WellPoint offloads pharmacy division

Prescription drug benefit manager Express Scripts will buy WellPoint's pharmacy benefit management division in a $4.7 billion deal.

By Emily Berry — Posted April 27, 2009


St. Louis-based Express Scripts, one of the largest in a now smaller field of PBMs, has agreed to purchase NextRx and will continue to provide WellPoint's members with pharmacy benefits for the next 10 years.

The companies' announcement April 13 described the deal as worth $4.7 billion, including tax benefits that will accrue to Express Scripts. Analysts estimated the sale would give WellPoint a one-time cash benefit of $2.5 billion this year, significantly boosting its cash holdings and per-share earnings.

The deal is subject to approval from the Federal Trade Commission and state regulators.

WellPoint spokeswoman Cheryl Leamon said the sale would have little direct effect on doctors who care for WellPoint's 35 million members.

"WellPoint will maintain control of the formulary, which will result in little to no impact on physician offices as a result of this transaction," she said.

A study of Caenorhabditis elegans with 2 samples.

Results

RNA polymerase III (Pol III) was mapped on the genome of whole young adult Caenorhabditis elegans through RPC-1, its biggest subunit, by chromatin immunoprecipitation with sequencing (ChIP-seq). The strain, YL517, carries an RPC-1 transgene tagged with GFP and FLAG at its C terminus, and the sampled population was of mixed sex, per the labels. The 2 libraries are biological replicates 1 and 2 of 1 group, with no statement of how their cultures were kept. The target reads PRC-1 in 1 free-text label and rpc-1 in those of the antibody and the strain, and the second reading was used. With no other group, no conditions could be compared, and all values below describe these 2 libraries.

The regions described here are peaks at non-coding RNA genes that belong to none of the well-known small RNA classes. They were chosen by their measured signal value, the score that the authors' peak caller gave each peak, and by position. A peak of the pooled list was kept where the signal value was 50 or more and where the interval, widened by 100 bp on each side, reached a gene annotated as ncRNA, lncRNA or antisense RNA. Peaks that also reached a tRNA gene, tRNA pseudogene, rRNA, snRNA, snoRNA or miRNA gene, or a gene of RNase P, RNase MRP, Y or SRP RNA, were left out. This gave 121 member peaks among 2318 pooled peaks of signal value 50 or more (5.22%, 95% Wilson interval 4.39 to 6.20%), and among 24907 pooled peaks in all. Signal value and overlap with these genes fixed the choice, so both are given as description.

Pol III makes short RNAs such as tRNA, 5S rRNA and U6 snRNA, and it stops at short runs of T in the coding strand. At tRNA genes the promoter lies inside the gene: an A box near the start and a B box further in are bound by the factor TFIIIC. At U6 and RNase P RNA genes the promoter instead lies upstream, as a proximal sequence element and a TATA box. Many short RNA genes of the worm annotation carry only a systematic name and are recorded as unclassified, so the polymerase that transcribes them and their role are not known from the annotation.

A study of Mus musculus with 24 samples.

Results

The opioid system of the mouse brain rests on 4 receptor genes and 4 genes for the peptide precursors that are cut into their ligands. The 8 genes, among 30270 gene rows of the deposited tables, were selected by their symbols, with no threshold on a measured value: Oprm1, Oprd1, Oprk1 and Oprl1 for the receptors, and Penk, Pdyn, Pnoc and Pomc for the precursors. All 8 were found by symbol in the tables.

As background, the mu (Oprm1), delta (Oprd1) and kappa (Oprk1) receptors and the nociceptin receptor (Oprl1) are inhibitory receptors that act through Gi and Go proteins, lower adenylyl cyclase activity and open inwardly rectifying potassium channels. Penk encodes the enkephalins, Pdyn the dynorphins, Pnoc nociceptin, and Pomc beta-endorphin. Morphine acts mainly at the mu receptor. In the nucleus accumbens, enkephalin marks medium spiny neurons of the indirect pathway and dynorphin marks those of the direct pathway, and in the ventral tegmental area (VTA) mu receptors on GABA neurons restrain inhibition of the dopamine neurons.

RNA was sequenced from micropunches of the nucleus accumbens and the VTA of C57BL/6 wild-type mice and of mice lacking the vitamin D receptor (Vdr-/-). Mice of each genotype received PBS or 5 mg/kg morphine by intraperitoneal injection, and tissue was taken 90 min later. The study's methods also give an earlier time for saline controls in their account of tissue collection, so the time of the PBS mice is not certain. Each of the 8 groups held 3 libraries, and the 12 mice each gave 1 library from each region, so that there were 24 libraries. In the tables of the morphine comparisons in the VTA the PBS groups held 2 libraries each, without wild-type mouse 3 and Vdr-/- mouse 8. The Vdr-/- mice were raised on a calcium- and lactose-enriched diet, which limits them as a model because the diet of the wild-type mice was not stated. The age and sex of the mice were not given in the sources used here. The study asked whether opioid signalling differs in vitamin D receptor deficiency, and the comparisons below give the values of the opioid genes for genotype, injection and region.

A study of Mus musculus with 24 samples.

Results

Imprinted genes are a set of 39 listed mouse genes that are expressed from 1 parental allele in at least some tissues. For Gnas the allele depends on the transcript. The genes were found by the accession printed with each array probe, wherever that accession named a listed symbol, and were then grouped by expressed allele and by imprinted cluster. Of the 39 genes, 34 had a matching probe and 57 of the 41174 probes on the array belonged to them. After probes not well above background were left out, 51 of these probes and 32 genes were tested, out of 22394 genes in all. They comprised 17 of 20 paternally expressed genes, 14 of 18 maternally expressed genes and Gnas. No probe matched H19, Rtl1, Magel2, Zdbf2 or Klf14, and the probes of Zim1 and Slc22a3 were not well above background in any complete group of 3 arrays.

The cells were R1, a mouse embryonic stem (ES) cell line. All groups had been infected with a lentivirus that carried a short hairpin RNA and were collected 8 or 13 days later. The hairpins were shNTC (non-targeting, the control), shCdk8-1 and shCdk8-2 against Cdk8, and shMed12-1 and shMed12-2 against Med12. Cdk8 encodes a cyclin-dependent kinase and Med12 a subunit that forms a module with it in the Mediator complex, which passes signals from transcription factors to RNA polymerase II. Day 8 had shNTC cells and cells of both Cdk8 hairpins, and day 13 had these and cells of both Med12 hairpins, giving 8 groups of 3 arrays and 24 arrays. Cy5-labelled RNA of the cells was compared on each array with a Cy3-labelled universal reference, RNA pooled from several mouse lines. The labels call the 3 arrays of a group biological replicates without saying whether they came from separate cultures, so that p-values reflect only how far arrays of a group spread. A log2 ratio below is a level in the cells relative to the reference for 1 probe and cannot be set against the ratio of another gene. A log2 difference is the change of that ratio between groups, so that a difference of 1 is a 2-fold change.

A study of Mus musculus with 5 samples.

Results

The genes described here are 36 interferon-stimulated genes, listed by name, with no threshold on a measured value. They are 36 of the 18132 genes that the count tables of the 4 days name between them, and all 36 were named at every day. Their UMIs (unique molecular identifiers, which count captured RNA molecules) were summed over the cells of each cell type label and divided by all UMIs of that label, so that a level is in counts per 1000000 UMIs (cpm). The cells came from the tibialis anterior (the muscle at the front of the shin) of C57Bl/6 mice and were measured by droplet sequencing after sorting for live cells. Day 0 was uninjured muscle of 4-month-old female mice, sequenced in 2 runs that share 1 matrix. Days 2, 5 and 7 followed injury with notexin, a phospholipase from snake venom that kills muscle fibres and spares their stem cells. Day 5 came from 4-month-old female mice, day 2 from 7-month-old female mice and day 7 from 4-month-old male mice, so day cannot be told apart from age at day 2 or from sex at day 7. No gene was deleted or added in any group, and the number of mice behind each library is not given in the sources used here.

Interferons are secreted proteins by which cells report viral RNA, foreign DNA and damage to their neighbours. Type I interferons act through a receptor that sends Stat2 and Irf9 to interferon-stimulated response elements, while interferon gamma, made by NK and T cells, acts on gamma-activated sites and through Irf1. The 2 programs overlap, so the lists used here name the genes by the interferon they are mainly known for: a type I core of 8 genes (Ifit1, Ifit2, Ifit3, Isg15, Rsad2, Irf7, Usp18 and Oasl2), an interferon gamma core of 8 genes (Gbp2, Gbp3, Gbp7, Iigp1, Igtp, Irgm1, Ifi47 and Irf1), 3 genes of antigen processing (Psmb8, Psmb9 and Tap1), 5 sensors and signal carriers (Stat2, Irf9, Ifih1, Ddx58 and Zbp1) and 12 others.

Financial analysts have speculated that other large health plans, including UnitedHealth Group and Aetna, could re-examine the value of owning and operating their own PBMs. No health plans have announced their intention to sell those divisions.

Mike Winkelman, RPh, a former PBM manager and now a pharmacy benefit consultant based in West Bloomfield, Mich., said he sees a simple motivation for WellPoint's decision, one that may or may not drive the company's peers to follow suit. "My instinct is WellPoint just wanted to get some cash. It's almost like it's just moving bags of money around."

WellPoint and Express Scripts have cast the sale as a way to help patients through efficiency and deeper negotiated discounts on drugs. But Winkelman said it's likely Express Scripts will keep most, if not all, of that savings.

"How does the consumer benefit?" he said. "You have a card in your wallet that says you pay a $20 co-pay for brand names and $15 for generics -- that won't change."

Stock analysts following WellPoint reacted favorably to the deal, and WellPoint's stock price rose above $42 the day the sale was announced, a value it hadn't reached since mid-February.

"Overall this appears to be an excellent transaction for WellPoint," Deutsche Bank analyst Scott Fidel wrote in a research note the day the deal was announced.

The company's share price has dipped as low as $30 twice in the past six months. Like its competitors, WellPoint is facing diminished commercial membership due to job cuts by its employer customer base. That has already driven down operating profits, as has been the case for other large insurers.